President’s FY2014 budget has varying news for global health and research programs
Wednesday, the White House released President Obama’s fiscal year (FY) 2014 budget request, which overall has mixed results for global health and research programs. Below, we provide specific details on funding levels at key agencies that support global health and research efforts, including the Centers for Disease Control and Prevention (CDC),the US Food and Drug Administration (FDA), the National Institutes of Health (NIH), and the US Agency for International Development (USAID). Details are still forthcoming about how global health research fared at the Department of Defense. It’s important to note that figures are compared to final FY2012 levels, since Congress is still working on finalizing FY2013 levels.
- The president's budget for FY2014 requests funding for key US agencies engaged in global health product development. Credit: PATH.
- CDC’s overall budget took a hit in the president’s request—the president’s FY2014 budget requested $5.2 billion for the agency overall, compared with $5.65 billion in FY2012.
- However, CDC’s global health programs were slightly increased and were spared major cuts. CDC’s Center for Global Health would receive $393 million in FY2014 under the president’s budget, compared with $376.7 million in FY2012.
- The FDA got a much-needed increase in the president’s budget request, although much of it is due to an expected uptick in user-fee income. The agency would receive $4.65 billion in FY2014 under the president’s budget, compared with $3.83 billion in FY2012.
- As noted above, user-fee income plays a large part in this increase in FDA’s budget. User fees would comprise $2.09 billion of the agency’s budget under the president’s request, compared with $1.32 billion in user fees in FY2012. In recent years, Congress has not adequately appropriated stable funding to FDA, instead relying on user fees to make up the difference. Critics have said that relying on user fees is unsustainable and creates a conflict of interest between FDA and the industries it regulates.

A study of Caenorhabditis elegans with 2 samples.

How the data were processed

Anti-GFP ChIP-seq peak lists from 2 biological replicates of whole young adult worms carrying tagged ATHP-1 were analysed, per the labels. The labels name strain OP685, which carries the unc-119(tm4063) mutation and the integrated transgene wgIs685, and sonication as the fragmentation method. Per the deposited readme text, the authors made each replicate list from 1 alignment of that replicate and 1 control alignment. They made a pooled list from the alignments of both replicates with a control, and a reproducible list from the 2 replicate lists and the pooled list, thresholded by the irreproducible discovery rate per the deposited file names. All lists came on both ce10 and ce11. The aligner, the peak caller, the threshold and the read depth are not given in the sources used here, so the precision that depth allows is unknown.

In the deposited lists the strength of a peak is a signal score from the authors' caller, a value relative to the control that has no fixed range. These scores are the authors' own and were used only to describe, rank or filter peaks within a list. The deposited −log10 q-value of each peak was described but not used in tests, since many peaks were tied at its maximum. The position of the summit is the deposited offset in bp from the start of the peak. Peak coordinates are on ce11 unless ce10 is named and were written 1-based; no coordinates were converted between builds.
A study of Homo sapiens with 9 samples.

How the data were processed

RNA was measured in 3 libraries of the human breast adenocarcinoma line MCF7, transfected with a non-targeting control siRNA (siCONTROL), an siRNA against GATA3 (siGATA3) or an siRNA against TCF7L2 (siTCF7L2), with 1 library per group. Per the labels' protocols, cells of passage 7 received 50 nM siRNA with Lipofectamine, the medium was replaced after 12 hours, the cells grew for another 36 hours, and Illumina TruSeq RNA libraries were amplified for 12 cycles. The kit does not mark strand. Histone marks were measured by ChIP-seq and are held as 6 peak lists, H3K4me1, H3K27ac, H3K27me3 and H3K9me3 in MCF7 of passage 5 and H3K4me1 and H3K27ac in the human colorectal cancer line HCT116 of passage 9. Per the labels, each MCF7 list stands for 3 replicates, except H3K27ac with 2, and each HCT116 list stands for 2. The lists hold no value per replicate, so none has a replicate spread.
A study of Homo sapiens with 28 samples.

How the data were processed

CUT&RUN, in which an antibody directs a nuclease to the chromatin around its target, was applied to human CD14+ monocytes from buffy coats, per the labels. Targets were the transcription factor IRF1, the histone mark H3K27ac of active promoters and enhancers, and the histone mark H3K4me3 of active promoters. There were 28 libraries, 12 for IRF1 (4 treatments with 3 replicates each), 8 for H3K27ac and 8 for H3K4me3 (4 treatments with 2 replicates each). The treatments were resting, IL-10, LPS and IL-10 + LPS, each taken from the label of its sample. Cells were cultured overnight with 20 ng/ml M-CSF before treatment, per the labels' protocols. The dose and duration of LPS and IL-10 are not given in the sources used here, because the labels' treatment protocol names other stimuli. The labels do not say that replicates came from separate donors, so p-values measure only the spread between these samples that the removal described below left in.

- NIH funding was mostly flat-lined at FY2012 levels—the president’s budget requested $31.3 billion for the NIH in FY2014, compared with $30.8 billion that the agency received in FY2012.
- The National Institute of Allergy and Infectious Diseases (NIAID), as well as the National Center for Advancing Translational Science (NCATS), received increases that could hint at new programming in those areas. The president requested $4.6 billion for NIAID in FY2014, compared with $4.5 billion the center received in FY2012. NCATS would receive $666 million under the president’s FY2014 budget, compared with $574 million in FY2012.
State Department and USAID
- At USAID, several key programs that fund global health research were cut dramatically—most notably the agency’s tuberculosis (TB) program. Most other programs at USAID were flat-funded or saw small increases. Under the president’s budget, USAID’s global health programs would receive $2.645 billion in FY2014, which is pretty much the same figure ($2.649 billion) for FY2012.
- Under USAID’s global health programs, several key initiatives saw disappointing funding cuts. The TB program would be reduced to $191 million in FY2014, compared with $236 million in FY2012. The HIV and AIDS program would be cut to $330 million, compared with $350 million in FY2012. The neglected tropical diseases program would be cut to $85 million in FY2014, compared with $89 million in FY2012. Fortunately, the malaria program would see an increase to $670 million in FY2014, compared with $650 million in FY2012.
- The State Department budget element getting the most buzz is the 5.3 percent cut to the President’s Emergency Plan for AIDS Relief, while the Global Fund to Fight AIDS, TB, and Malaria saw a robust request of $1.65 billion for FY2014.
Federal agencies have also released their budget justifications, which detail policy and programmatic priorities for FY2014. We’ll provide a comprehensive update on these budget justifications and key policies that could impact global health research and product development.
Usually, the President’s budget request sets a precedent that the advocacy community and Congress respond to—whether they agree or disagree with its content. However, with the request being released so late in the year, Congress has already acted, passing drastically different FY2014 budget resolutions in the House and Senate. House and Senate budget committee activity is moving quickly, with key leaders from US agencies that fund global health research and product development scheduled to testify at appropriations hearings as early as next week. Congress must act to avoid further cuts and fund global health research programs at the robust levels that ensure availability of new technologies to the millions who need them worldwide.